A former campaign spokesman for Sen. Ted CruzRafael (Ted) Edward CruzIncoming Dem lawmaker from Texas says Nielsen should be replaced as DHS chief Election Countdown: Lawsuits fly in Florida recount fight | Nelson pushes to extend deadline | Judge says Georgia county violated Civil Rights Act | Biden, Sanders lead 2020 Dem field in poll | Bloomberg to decide on 2020 by February Poll: Biden and Sanders lead 2020 Dem field, followed by Beto O'Rourke MORE (R-Texas) said Republican help to the Texas senator in his tight race against challenger Rep. Beto O'RourkeRobert (Beto) Francis O'RourkeIncoming Dem lawmaker from Texas says Nielsen should be replaced as DHS chief Election Countdown: Lawsuits fly in Florida recount fight | Nelson pushes to extend deadline | Judge says Georgia county violated Civil Rights Act | Biden, Sanders lead 2020 Dem field in poll | Bloomberg to decide on 2020 by February Texas congresswoman-elect says southern border has 'never been safer' MORE (D-Texas) is diverting resources from other GOP candidates.

"The problem right now is that this is a close race," Rick Tyler, the communications director for Cruz's 2016 campaign for president, said on MSNBC.


Tyler went on to say that the race has turned into one where many groups have donated substantial amounts of money to Cruz's campaign — a move that diverts potential resources from other GOP candidates.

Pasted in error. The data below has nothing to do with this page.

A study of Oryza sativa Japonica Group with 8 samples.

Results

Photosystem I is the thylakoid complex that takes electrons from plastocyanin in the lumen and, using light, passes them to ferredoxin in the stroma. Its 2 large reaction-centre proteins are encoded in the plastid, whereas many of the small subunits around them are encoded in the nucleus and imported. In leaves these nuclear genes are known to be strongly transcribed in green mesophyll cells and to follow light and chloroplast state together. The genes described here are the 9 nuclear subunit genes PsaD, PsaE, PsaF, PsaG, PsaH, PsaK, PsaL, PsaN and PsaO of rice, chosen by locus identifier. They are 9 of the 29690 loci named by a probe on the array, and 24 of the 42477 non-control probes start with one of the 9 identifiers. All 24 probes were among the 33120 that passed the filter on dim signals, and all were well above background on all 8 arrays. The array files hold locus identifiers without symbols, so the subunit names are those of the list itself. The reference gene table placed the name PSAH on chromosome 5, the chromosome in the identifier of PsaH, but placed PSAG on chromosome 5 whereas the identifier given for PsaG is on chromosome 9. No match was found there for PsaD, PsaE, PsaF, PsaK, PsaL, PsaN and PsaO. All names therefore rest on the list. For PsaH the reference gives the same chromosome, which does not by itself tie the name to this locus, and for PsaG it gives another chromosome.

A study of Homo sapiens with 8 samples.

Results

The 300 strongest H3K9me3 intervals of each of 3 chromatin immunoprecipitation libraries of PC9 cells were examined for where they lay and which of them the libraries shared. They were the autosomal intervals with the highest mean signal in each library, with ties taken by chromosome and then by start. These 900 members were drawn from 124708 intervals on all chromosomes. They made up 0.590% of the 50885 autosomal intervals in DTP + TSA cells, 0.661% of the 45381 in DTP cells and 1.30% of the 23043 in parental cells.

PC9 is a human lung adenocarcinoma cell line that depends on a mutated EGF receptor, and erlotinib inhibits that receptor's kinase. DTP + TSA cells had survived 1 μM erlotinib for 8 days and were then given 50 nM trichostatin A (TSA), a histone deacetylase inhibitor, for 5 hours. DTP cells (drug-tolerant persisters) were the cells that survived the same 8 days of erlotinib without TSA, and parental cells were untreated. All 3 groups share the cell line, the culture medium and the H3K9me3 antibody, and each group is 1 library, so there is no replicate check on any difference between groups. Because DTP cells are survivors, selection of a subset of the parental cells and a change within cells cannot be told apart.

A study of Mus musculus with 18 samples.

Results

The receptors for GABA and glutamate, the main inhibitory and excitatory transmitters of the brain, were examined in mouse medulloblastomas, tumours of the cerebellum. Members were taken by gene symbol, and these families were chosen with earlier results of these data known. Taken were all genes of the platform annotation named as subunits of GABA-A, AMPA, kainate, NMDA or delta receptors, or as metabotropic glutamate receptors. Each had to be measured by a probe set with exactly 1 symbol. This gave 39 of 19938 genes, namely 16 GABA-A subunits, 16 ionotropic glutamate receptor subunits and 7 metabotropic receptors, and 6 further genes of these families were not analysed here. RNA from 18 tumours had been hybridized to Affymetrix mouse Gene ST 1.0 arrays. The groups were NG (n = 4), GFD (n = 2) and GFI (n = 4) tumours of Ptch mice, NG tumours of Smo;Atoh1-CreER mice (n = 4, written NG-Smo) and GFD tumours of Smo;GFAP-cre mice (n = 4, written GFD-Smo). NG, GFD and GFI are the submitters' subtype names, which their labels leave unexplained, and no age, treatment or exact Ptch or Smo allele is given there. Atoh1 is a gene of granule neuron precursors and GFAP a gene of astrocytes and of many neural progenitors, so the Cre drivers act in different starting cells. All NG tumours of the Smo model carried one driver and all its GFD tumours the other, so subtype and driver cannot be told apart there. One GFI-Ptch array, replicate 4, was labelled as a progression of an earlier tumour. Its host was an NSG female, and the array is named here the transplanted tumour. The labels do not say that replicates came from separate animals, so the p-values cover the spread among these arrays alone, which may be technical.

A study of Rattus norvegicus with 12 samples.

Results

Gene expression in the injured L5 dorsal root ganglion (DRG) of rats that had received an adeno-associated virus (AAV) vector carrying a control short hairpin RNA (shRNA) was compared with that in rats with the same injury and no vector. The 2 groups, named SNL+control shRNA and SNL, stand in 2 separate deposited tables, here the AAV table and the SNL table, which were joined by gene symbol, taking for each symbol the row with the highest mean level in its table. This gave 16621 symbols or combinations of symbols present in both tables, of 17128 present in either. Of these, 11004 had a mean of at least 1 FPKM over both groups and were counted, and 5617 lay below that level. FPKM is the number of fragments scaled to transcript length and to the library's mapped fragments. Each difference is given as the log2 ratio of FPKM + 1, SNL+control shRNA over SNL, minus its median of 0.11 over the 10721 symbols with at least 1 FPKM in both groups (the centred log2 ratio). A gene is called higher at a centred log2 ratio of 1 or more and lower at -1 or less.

“When you have Club for Growth and Americans for Prosperity and the Koch Brothers all diverting resources from races they want to pick up on the Democratic side, moving that money and those resources to Texas, that keeps the Republican Party from competing in other states,” he said. 

Tyler noted that the competitiveness of this race is a product of O'Rourke's likability. 

"I think you got a candidate, Beto O’Rourke, who’s just been a very interesting candidate and has run a tremendous campaign. And he’s raised a ton of money," Tyler said. "He’s electrified the left."

His comments come as O'Rourke has gained momentum in his bid to unseat Cruz. While Texas has not elected a Democrat to the Senate in three decades, a poll released by Emerson College last month showed that Cruz and the three-term congressman were in a statistical tie. 

Cruz led O'Rourke by just one point, according to the poll, well within the margin of error. 

Over the weekend, it was reported that White House budget chief Mick MulvaneyJohn (Mick) Michael MulvaneyDem House can put Main Street's needs over Wall Street's wants On The Money: Dow, S&P fall to close rough week for Wall Street | Brady appears to rule out lame-duck tax cut action | New payday loan rule coming in January On The Money: Mnuchin pulls out of Saudi summit | Consumer bureau to probe controversial blog posts on race | Harris proposes new middle-class tax credit MORE told Republicans at a closed-door meeting that it was a "possibility" that Cruz could lose.